The State Ombudsman says her office saw the fifth straight year where they took more complaints and information requests.
Ombudsman Kristie Hirschman says they had 5,406 contacts during fiscal year 2019 — an increase of seven percent.
“Everything in all categories just seems to be increasing,” she says. She says one area did stick out a little more than others.
“The only clear significant increase as far as categories of complaints is from jails,” according to Hirschman. “We know the jail populations are increasing. And our office has been saying for years that jails and prisons have become the warehouse for the mentally ill.”
The office saw 30% more complaints about jails and prisons. “The top five complaint categories for jails are: health services, discipline, staff conduct, food and conditions and confinement,” she says. Hirschman says a lot of the medical complaints involve medication that can’t be resolved. “They believe they are not getting medications or appropriate health care treatment. Part of that is there are medications not allowed in the prison system in certain situations — especially medications such as narcotics,” Hirschman explains.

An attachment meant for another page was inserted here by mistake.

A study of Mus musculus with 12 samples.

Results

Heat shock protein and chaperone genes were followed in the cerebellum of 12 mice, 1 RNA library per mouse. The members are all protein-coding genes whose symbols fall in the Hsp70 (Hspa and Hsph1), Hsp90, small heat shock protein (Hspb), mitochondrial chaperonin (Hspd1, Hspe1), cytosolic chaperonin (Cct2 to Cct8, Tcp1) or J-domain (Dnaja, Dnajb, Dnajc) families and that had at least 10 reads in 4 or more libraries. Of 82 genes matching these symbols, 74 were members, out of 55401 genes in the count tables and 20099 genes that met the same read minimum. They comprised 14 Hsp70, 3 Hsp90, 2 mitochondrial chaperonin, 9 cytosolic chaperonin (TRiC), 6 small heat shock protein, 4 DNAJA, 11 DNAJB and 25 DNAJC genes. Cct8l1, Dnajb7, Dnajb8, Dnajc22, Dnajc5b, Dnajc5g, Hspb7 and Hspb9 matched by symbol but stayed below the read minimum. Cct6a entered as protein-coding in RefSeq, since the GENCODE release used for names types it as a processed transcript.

Hirschman says she continues to have concern about the complaints generated about governments. She remains frustrated with transparency in all levels of government. “In general from a big picture perspective — I think that agencies need to strive to be more transparent. — err on the side of transparency rather than secrecy,” according to Hirschman.
Hirschman says one thing the public needs to do is look for all avenues where they can settle an issue before having to call her office. “If that is available to them, then we will decline the compliant until they have exhausted the process,” Hirschman says. “Even for example is somebody calls and says ‘the city won’t pay for my street.’ And then we ask them if they have brought their concerns to the attention of the city council. And if they say ‘no’ — we are going to ask them to bring their concerns to the appropriate governing body before our office gets involved — just because we get too many complaints.”
The complaints brought to her office in the 2019 fiscal year ended with 79 percent being unsubstantiated, three percent undetermined or no basis to determine, and 18 percent partially or fully substantiated. Hirschman expects the complaints about local governments to continue to increase as a new law promotes the Ombudsman as a place for employees to report fraud and waste.
The report can be found online at www.legis.iowa.gov/Ombudsman.